The Oxford Down has been successfully used throughout Northern Europe and is a generally hardy breed capable of surviving in most conditions. The breed is easily bucket trained and won’t jump fences. Firm handling is required as the breed is so large. Lambing percentages are generally around 150-160%. Lambs are large but there are few lambing problems. Lambs have a good wool covering at birth and do not suffer from the cold.
- The development of the Oxford Down began in the 1830s from crossbreeding Southdown and Hampshire Down ewes with Cotswold rams.
- Many of the early flocks were based around Witney hence the name Oxford Down and in 1889 the Oxford Down Sheep Breeders’ Association and the first flock book published.
- The breed became immensely popular and was widely exported throughout Europe and North America.
- In the latter half of the 20th century the breed’s popularity declined as farmers focused on producing smaller joints.
- As with the other Down breeds the Oxford Down was overtaken by the Suffolk and imported breeds such as the Texel.
- These days the breed enjoys a good reputation and farmers are beginning to realise the potential an Oxford Down ram has.
- A huge, powerfully built sheep with the typical good conformation and sturdiness of a Down breed.
- Ewes weigh around 90kg and rams, 120-140kg.
- The breed has a thick covering of wool and has a woolly topknot.
- The face is woolless and a very dark brown.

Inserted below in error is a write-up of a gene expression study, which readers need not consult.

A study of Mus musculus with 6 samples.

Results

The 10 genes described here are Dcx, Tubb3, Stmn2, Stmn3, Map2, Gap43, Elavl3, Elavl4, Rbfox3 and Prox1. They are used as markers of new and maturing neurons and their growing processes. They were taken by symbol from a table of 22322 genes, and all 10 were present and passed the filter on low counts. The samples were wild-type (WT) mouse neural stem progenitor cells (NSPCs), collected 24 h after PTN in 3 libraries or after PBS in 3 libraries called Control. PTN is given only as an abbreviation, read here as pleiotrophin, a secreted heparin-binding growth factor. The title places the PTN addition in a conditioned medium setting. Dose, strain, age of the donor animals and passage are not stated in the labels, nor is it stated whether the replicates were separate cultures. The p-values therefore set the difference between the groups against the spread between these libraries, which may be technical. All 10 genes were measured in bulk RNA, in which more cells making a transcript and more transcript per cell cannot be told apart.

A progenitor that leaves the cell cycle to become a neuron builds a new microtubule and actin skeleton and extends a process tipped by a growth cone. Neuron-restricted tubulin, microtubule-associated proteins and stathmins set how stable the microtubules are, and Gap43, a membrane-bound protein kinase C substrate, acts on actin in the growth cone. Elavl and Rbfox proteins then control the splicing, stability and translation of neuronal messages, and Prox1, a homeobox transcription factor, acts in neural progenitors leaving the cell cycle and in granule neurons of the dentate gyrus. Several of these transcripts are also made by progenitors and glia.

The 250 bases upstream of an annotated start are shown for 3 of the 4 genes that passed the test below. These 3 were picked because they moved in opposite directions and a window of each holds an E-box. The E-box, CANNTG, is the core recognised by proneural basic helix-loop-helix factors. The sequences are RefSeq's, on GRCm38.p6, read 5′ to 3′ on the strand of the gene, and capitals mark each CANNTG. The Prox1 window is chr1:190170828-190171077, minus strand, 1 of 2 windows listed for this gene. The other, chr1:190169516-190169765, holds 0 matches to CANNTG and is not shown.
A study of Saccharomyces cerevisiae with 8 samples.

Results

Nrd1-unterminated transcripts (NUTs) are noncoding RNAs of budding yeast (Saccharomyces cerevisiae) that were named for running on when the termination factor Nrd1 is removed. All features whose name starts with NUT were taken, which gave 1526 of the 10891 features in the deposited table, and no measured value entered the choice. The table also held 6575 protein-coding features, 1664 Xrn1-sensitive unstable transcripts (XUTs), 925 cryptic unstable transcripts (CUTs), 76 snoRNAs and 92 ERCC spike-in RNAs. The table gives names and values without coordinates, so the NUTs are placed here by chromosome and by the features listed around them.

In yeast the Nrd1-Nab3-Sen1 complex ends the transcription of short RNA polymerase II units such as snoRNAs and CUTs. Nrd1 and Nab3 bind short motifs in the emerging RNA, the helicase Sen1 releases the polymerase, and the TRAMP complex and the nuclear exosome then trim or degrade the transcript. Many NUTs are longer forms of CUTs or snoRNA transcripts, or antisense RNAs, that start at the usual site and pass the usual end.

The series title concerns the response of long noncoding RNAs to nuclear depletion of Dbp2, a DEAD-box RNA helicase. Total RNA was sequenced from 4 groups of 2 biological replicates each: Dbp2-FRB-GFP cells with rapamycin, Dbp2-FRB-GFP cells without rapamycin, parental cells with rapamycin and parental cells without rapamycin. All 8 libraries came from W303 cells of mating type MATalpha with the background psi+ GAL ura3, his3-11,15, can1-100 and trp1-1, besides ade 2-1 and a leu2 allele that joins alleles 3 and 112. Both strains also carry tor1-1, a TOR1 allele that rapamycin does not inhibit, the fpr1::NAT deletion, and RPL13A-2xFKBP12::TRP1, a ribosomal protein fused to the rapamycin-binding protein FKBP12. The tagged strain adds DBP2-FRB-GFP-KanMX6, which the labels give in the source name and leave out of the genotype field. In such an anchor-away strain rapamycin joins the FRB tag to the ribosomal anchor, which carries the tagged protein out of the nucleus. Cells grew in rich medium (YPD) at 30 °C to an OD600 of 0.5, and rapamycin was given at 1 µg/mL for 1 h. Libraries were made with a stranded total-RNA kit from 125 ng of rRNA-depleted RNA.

- Legs are dark with a wool covering.
- Both sexes are polled.
The Oxford Down is a breed capable of producing fast growing, well conformed lambs from most ewe breeds. Trials on the Oxford Down in comparison with other breeds have found that Oxford sired lambs can be taken to heavy weights (24-26kg deadweight) and on to hogget age without becoming overfat. Crossbred lambs can reach slaughter weight at 12 weeks and R3L grades are common. Some breeders are now performance recording to make the rams more attractive to commercial buyers.
An Oxford Down lamb will reach about 22.4kg at 8 weeks old and 18-22kg deadweight at 3-4months. The meat is well marbled, very much enhancing the tenderness and flavour.
Staple length- 10-15cm. Fleece weight- 3- 4kg. Quality 50s-54s
Did you know?
At it's heyday, in the first half of the 20th century, upwards of 1000 rams were penned annually at the Kelso Ram Sales in the Scottish Borders.
The Rare Breeds Survival Trust is the leading national charity working to conserve and protect the United Kingdom's rare native breeds of farm animals from extinction. We rely on the support of our members, grants and donations from the public to raise the £700,000 a year needed to maintain our conservation work with rare UK native breeds of farm animals. Visit www.rbst.org.uk to see how you can help.